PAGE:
We mix wines. We mix spirits. We mix foods and medications and hip hop tapes. We even mix races nowadays. So why don’t we mix beers?
This is the question that stumped me over fall break as I sat on the bank of the James River, overlooking the beautiful downtown skyline of Richmond by night. I was at the Legend Brewing Company pub, following up on a random tip from a comrade-in-beer. As often happens, one tip leads to another, and when I asked my waiter at Legend what his favorite house beer was, he surprised me with some advice that you don’t often hear among craft-brew purists these days. “My favorite is to mix the golden ale and the brown ale,” he said.
What? Mix beers? At first I was positively shocked by the idea. Then I was intrigued. Then, after some deliberation, I sampled the mix. And just like that I was sold. A pint of the elixir mixture for me, please!
Many drinkers are familiar with the black & tan, a traditional one-two punch of stout (or porter) and pale ale (or blond lager) originating in the British Isles. But outside of B & T’s there are few popular beer mixtures. That means that there is lots of room to explore mixing beers, which was just what I intended when I dropped by the Carrboro Beverage Company on Thursday with a hankering to build my own five-pack. Fired by my experience in Richmond, I chose five distinct beer styles with clearly contrasting
flavors (pilsner, kölsch, brown ale, IPA and porter) and took turns pairing them together. The results were mostly positive, and constitute my beer advice for this week.
Jever Pilsner (1/2) & Sierra Nevada Torpedo Extra IPA (1/2):
This was definitely the best of the beer mixtures. Jever is a fairly bitter pilsner and Sierra Nevada’s Torpedo is hoppy on the nose and mildly bitter in body. When they mix, though, they form a beautiful bright golden color and balance each other perfectly. The bitterness of the IPA is freshened by the crispness of the Jever. Basically, it has all the flavor of a complex ale, but is much more drinkable. It’s classic synergy, where the sum is equal to more than the parts. Seriously, try this combo, or your own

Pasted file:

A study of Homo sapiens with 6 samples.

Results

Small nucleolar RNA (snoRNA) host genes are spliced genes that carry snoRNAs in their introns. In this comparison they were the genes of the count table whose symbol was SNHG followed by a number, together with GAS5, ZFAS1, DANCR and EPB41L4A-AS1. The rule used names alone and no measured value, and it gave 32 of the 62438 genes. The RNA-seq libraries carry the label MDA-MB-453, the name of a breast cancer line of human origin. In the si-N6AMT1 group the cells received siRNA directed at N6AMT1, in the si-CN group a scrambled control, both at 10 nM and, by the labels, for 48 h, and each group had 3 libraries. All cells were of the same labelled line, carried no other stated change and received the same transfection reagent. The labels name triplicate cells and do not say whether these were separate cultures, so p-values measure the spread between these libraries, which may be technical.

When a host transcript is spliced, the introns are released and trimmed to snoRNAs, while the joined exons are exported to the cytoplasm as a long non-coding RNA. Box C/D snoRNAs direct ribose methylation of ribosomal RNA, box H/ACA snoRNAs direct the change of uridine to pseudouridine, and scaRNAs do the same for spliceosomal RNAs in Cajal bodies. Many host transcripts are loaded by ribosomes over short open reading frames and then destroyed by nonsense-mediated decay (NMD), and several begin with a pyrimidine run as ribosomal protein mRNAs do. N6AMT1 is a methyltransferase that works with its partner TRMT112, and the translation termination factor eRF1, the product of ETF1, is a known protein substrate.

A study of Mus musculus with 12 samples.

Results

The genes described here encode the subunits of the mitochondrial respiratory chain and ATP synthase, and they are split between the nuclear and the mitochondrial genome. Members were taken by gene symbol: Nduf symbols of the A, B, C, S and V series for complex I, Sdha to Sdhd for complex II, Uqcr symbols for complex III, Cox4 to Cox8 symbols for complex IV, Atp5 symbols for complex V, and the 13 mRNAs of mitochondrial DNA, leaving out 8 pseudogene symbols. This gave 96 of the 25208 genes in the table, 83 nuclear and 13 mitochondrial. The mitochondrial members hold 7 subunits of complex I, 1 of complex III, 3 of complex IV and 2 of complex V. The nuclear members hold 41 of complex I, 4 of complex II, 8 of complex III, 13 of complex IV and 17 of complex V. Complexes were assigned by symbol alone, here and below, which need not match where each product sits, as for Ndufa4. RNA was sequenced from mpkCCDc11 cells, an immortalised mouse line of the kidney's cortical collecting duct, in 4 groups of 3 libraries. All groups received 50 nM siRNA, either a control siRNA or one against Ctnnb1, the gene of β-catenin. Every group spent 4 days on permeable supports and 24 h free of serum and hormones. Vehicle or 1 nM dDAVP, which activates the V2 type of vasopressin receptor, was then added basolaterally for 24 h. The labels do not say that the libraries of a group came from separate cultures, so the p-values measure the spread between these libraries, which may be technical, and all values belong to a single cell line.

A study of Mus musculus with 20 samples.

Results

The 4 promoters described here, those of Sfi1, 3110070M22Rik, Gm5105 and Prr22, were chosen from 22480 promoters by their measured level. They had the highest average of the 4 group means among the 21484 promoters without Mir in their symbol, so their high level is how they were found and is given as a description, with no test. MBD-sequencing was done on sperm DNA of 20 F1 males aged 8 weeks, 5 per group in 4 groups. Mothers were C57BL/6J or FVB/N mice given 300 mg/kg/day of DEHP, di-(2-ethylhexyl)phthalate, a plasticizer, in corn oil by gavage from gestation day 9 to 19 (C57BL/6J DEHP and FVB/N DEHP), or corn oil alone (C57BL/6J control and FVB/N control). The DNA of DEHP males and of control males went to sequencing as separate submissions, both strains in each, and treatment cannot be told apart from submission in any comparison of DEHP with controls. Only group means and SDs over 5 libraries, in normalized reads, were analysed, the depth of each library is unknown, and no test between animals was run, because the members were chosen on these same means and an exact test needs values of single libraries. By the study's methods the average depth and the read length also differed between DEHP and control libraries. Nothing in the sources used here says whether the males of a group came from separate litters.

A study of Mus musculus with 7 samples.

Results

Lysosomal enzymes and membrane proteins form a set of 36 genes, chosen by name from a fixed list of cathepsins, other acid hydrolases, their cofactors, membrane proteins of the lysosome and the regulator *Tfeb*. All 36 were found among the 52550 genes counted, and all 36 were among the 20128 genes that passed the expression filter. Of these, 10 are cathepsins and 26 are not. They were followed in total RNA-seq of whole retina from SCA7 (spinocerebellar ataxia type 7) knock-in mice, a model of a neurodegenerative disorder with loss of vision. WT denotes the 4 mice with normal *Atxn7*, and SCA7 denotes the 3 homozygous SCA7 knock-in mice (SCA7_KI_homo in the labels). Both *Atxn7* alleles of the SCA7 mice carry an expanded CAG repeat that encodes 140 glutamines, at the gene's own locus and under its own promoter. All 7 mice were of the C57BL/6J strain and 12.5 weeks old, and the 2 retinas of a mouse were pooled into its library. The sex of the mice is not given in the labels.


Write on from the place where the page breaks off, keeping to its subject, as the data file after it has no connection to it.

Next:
variety with your favorite pilsner and single, double, extra or Indian pale ale.
Big Boss “Bad Penny” Brown Ale (1/2) & Duck Rabbit Porter:
Both these beers have relatively heavy bodies and strong aromas, but when mixed the porter’s in your face toasty flavor wins the day. Nothing special happens from there. There’s no significant body change and it isn’t any more overwhelming or unbalanced than a usual porter, despite the fact that it’s a combination of two darker, heavier beers. It does manage to be both toasty and nutty simultaneously, which is nice. It’s recommendable, but don’t go out of your way for it.
Big Boss “Bad Penny” Brown Ale (1/3) & Gaffel Kölsch (2/3):
Pouring the dark brown Bad Penny into the weak bodied blond Gaffel gives the mixture an instant dye, dark brown. The resulting body is watery after its German component, but without the subtle lagered ale flavor typical of the best kölsches, at the same time that it loses the rich, nutty caramel of the brown ale. It turns out a flat, deflated beer that is certainly not well balanced. This mix is an all around no-go.
Duck Rabbit Porter (2/5) & Gaffel Kölsch (3/5):
After the last combo, I was dreading this one. I worried that the super-strong porter with the super-malleable kölsch would be a beer-combo train wreck. How pleasantly wrong I was. The aroma of this mixture is sickly sweet and not very appealing, but the kölsch lightens the body of the mix to a delicious, mellow and balanced brew. The porter still pokes through with notes of toasted malts and even coffee, but made much lighter and more bearable. This was the most surprising of the mixtures I tried, and the best reminder of the unpredictable beauty of beer mixtures in general.
That’s it for my experiments in beer cross-breeding this week. I’m excited about having a new horizon in my beer world, and hope you get some enjoyment out of it too. So hit up your nearest bottle shop and build your own six-pack, being sure to let your combinative imagination run wild. Until next week I wish you, as always, happy drinking!